By Adrienne Brookbanks

Traditionally, facility managers arenot involved in the construction or design phases of a project. Pete Greaves, Aurecon’s Expertise leader for Data & ICT Facilities, says that early adoption of facilities management consideration is crucial for designing optimised, efficient and value-adding data centres.

“If facilities management is brought in during the design phase of a data centre, we can significantly reduce the need for major changes and repairs once the data centre is operational. Building Information Modelling (BIM) can be used to provide the information that is needed to support the building lifecycle of a data centre,” says Greaves.

Assessing how the client is going to use the data centre is a key part of creating a facility that works in a way that supports the client’s goals. The drivers behind the data centre, as well as the physical location and layout, need to be kept at the forefront of the design team’s mind.

“The way we build data centres needs to be planned according to the client’s drivers. Some clients are focused on designing for redundancy so that a variety of failure scenarios can be overcome, while other clients are more focused onenvironmental goals and the reduction of energy consumption,” explains Greaves.

Besides the drivers behind the data centre, other aspects such as the location, operations, equipment and staffing needs have to be considered before design planning can commence.

“Collocation data centres, where space and bandwidth is rented out to customers, have very different design specifications than a data centre that is constructed for a telecommunications company or a satellite station. Unless a design team fully assesses how the client is going to use the data centre, you will end up with the wrong design,” says Greaves.

While most data centre developers carefully consider the financial, power and environmental implicationsof the geographical location of a data centre, the proximity to large cities in particular, needs to be carefully weighed and planned for.

“Energy has been an overriding concern in the data centre industry for the past few years. Everyone has been focused on the rising cost and lack of availability of electricity as well as environmental concerns, which has led us to ignore an issue that can become an even greater challenge for data centre owners and operators to overcome – the global skills shortage,” he says.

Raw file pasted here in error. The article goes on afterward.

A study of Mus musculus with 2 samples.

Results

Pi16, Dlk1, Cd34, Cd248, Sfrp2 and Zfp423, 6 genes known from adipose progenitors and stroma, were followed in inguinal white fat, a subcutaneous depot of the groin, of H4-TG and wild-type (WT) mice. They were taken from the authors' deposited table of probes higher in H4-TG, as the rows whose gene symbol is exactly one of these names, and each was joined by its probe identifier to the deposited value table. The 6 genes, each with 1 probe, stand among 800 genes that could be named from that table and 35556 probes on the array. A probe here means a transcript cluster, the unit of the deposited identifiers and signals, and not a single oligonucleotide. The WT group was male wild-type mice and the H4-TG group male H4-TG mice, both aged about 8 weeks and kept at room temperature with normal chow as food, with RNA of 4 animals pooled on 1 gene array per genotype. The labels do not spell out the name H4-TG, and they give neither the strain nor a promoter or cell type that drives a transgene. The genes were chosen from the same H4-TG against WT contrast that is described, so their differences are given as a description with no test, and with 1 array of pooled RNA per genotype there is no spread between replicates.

The number of people working in or for data centres across the globe increased to 585000 last year and this number is expected to increase to 620000 in 2015. According to the DatacenterDynamics Industry Census for 2012, over 60% of data centre operators are very concerned about the lack of suitably qualified staff to maintain their facilities.

“Data centre owners need to consider how close the facility will be to a big city or metropolitan area because you need to make it easy to attract people with the right skills and experience,” says Greaves.

Besides the need for suitably skilled staff, data centre owners also need to consider their proximity to cities in terms of the availability of the equipment their data centre will be using.

“Conventional equipment will be easier to replace than cooling and power equipment. The IT equipment landscape continues to change and it will be much tougher to replace equipment for a data centre in the Ivory Coast than a facility in the middle of Hong Kong, where equipment is easily accessible,” explains Greaves.

Understanding how the data centre will operate requires facility management insights. Giving the right advice and planning the right facility requires foresight and the right data.

“One way to close the gap and ensure that the correct needs are met is by incorporating BIM to provide a visual model of the building. Space planning, energy analysis and the facility’s operation can be optimised – and maintenance costs can be significantly reduced – if this technology is incorporated in the design stage of a data centre,” says Greaves.“BIM is an effective tool to identify the vital facilities management information that is needed to design data centres that not only operate in a way that speaks to the needs of the client, but also helps them manage their asset and drive efficiencies.”

BIM can also be used to generate a 3D model of the proposed data centre’s energy use, environmental performance, infrastructure options and the physical layout of the facility.

“With BIM, you have 3D visualisations enabling a client to see what their data centre will look like, instead of having to use their imagination. This information can be used throughout the entire lifecycle of their asset and ensure they can make improvements faster and more cost-effectively thanks to the reliable data that this technology offers,” concludes Greaves.